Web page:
God created humanity upright and perfect. He gave them a righteous law that would have led to life if they had kept it but threatened death if they broke it (Ge 2:16-17). Yet they did not remain for long in this position of honor. Satan used the craftiness of the serpent to seduce Eve, who then seduced Adam. Adam acted without any outside compulsion and deliberately transgressed the law of their creation and the command given to them by eating the forbidden fruit (Ge 3:12-13; 2Co 11:3). God was pleased, in keeping with his wise and holy counsel, to permit this act, because he had purposed to direct it for his own glory.
By this sin our first parents fell from their original righteousness and communion with God. We fell in Adam, and through this, death came upon all (Ro 3:23). All became dead in sin (Ro 5:12) and completely defiled in all the capabilities and parts of soul and body (Tit 1:15; Ge 6:5; Jer 17:9; Ro 3:10-19).
By God’s appointment, Adam was the root and the representatives of the whole human race. Because of this, the guilt of his sin was accounted, and his corrupt nature passed on, to all his offspring who descended from him by ordinary procreation (Ro 5:12-19; 1Co 15:21-22, 45, 49). His descendants are now conceived in sin (Ps 51:5; Job 14:4) and are by nature children of wrath (Eph 2:3), the servants of sin, and partakers of death (Ro 5:12; 6:20) and all other miseries—spiritual, temporal, and eternal—unless the Lord Jesus sets them free (Heb 2:14-15; 1Th 1:10).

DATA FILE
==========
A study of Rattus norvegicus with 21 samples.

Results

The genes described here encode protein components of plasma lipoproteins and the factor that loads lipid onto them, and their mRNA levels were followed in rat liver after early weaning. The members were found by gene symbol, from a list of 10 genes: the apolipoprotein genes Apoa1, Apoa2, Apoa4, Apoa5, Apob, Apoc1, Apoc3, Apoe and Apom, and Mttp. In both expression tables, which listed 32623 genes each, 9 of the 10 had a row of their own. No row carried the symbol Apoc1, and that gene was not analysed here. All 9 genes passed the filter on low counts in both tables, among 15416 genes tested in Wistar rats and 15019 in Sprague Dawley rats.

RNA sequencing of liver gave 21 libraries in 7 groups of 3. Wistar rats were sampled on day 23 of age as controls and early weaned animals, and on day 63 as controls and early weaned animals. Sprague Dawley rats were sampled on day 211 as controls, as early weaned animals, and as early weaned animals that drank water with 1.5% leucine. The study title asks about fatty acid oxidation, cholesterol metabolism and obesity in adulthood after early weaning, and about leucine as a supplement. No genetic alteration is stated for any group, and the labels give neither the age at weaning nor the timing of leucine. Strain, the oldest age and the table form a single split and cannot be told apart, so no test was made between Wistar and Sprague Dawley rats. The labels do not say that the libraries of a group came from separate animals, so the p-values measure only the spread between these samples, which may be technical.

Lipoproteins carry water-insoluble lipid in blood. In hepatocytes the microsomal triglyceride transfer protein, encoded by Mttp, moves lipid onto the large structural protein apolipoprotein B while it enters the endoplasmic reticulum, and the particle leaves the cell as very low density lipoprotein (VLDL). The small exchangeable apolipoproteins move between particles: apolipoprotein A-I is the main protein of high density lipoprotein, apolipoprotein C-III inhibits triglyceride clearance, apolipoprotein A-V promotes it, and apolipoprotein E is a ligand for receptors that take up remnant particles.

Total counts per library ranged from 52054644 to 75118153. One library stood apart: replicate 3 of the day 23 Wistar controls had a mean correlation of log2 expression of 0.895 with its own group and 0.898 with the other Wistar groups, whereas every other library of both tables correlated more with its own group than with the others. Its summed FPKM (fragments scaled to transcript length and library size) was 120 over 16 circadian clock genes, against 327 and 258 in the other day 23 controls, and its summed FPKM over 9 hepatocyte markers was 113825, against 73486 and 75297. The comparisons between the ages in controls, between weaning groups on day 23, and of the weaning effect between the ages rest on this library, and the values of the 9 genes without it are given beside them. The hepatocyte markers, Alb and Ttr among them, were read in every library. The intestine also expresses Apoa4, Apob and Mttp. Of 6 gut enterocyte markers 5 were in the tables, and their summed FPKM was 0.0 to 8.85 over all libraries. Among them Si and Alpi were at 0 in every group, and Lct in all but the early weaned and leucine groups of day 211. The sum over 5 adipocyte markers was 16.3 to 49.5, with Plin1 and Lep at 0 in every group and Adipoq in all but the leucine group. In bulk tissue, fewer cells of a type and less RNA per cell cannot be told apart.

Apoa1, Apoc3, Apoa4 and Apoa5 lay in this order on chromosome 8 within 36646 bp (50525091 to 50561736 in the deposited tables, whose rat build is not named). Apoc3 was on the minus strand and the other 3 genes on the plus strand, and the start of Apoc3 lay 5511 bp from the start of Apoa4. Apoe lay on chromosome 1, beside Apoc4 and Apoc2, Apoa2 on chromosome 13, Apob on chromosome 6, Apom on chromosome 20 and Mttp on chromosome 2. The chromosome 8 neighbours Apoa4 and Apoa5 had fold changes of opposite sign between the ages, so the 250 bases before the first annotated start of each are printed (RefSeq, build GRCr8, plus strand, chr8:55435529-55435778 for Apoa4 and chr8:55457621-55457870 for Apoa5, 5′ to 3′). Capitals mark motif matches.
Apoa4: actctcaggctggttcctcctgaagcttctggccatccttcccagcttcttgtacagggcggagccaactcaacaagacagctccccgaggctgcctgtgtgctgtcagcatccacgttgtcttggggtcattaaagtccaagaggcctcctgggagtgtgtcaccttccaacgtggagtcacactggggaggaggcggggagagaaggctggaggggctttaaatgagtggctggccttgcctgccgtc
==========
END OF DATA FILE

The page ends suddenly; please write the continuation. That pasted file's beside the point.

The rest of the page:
All actual transgressions arise from this first corruption (Jas 1:14-15; Mt 15:19). By it we are thoroughly biased against, and disabled and antagonistic toward all that is good, and we are completely inclined toward all that is evil (Ro 8:7; Col 1:21).
During this life, this corruption of nature remains in those who are regenerated (Ro 7:18, 23; Ecc 7:20; 1Jn 1:8). Even though it is pardoned and put to death through Christ, yet both this corruption of nature and all actions arising from it are truly and actually sin (Ro 7:23-25; Gal 5:17).